For this, you'll need 'real' bread. You want something that is preferably slightly stale, and isn't something like wonder bread. If you hate hard croutons, you'll probably want some sort of rich bread like a challah or potato bread. You don't want a sweet bread since it'll taste funky and burn too easily. The best bread is an ordinary white bread that doesn't have too hard of a crust. You want the crumb or interior of the bread to hold together. A holey bread like a ciabatta is fine, but something that just crumbles as you slice it will make seasoned bread crumbs and not croutons.
Either way, take your bread. Slice it into fairly even pieces. You want to be able to stir the pieces around your fry pan, and you want them to be in an even layer. As long as one plane is fairly even (thickness for example) you should get mostly even cooking. Toss your bread in a fry pan, and add some of the crumbly bits from the slicing.
Now, there's three ways to get the bread seasoned with garlic. One is do crush garlic and add it to the frying bread, but this is uneven in the seasoning. Two is to add the crushed garlic to melted butter, and then pour it on your bread. This may result in burned garlic. Three is the way I prefer which is to slice the garlic into pieces about the thickness of thin cardboard. Plop the slices in a bowl with butter and oil, and heat that in the microwave / in a pan on the stove. Now, you've got garlic flavored butter without the garlic bits to burn since you can hold them back. It's also good to toss dry herbs in the butter.
The other main seasonings is Worchestershire sauce and herbs of some sort. We usually use a generic Italian herb mix. You could use any dry herbs. Fresh ones really don't work right in the dish, but slices of fresh sage might work. Maybe.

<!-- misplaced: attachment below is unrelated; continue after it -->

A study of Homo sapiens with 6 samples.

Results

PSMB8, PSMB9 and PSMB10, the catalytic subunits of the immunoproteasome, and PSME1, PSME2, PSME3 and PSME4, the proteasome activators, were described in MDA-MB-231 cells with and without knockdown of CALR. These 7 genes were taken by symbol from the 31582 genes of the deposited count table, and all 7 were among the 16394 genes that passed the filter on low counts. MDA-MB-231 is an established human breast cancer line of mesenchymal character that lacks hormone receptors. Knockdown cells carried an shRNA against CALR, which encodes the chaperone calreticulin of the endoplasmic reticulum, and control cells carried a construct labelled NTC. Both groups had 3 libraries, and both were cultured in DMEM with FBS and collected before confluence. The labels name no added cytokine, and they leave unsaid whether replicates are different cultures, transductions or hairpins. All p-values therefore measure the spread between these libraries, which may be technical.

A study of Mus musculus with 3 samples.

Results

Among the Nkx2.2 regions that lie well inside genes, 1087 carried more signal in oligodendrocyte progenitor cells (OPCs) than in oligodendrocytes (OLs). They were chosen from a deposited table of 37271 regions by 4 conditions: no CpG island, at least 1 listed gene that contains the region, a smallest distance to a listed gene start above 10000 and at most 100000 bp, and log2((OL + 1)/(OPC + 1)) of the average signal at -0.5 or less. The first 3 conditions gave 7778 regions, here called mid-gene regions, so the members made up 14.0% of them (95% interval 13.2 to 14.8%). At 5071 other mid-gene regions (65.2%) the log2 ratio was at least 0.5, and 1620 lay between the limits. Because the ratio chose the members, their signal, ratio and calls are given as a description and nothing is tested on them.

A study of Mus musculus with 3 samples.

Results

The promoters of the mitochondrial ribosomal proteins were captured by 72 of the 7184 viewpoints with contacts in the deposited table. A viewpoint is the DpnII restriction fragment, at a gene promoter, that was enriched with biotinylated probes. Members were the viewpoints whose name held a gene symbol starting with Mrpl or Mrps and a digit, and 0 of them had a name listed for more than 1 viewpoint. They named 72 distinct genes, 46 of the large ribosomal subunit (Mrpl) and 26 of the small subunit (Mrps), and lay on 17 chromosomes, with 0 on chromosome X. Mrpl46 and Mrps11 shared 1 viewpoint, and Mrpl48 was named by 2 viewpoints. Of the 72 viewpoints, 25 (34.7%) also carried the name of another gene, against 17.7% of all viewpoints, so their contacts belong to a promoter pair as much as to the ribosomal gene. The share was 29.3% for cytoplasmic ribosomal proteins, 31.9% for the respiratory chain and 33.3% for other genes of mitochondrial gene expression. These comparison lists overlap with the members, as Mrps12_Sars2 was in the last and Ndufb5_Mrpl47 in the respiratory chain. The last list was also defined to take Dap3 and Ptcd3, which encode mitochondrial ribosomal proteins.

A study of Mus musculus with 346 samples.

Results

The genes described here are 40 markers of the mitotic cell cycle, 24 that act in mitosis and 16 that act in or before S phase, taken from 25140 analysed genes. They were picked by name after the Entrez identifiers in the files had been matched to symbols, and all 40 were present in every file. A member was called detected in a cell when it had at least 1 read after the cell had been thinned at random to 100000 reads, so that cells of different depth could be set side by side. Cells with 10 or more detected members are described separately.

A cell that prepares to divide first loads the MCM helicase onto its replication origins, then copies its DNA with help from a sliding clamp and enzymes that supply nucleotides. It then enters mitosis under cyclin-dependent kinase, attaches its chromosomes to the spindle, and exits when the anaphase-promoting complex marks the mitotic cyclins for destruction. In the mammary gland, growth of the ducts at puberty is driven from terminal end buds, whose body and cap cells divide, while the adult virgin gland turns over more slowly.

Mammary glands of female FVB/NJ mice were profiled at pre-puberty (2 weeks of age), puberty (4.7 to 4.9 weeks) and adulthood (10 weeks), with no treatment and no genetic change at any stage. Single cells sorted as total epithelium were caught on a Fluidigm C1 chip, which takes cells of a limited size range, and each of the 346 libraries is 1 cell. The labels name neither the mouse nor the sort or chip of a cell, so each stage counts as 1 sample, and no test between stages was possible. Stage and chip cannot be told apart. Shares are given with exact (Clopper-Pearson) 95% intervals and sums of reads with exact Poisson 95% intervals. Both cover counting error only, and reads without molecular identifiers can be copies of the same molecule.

Either way, turn the heat on under your bread cubes. You want them to just start browning before you add some butter. You want the butter to encourage the frying and season the bread a little. It will sort of vanish into the bread. Always add a little less than what you think you need as you fry, and you should avoid overly greasy croutons. You can also use olive oil.
Either add your dry herbs as you fry, or have them already in your butter / oil. You want to fry the croutans until they are your desired level of crispness and browning. You can taste them as you go to see how they are cooking. It won't take long at all to fry them to a nice state. You can also salt the bread if you want things to be very salty.
Now, sprinkle Worchestershire sauce over the croutons. You want most of the pan to have dollops of brown, but not to soak the croutons. You may want to back away from the pan or turn down the heat and you do not want to breath the fumes, since there'll be a caustic smell. You can add the slices of garlic and remaining herbs at this time, and stir the mess as the garlic heats and the croutons dry out again. When the garlic is just browning, but isn't black, turn the mess out into a bowl.
So, what you end up with is pretty sad looking. You'll have spotted cubes of browned bread with darker splotches, brown slices of garlic, and the little bits of herbs. The bread crumbly bits will be all browned and hopefully not burnt. However, it will smell very good thanks to the rich smell of the garlic and herbs, and the faintly acidic smell of the Worchestershire sauce. If you're scared of using the sauce, feel free to leave it out, but I associate it with 'proper' croutons in my mind.
You can use the croutons in any soups, on bread, and of course in salads. A simple soup could be rinsed canned black beans, bit of garlic, a hint of sherry, and heated in a pan. Run it in a blender / food mill / beat on it with a potato masher if you really want to be fancy. Chopped ham and croutons with that is a lovely meal.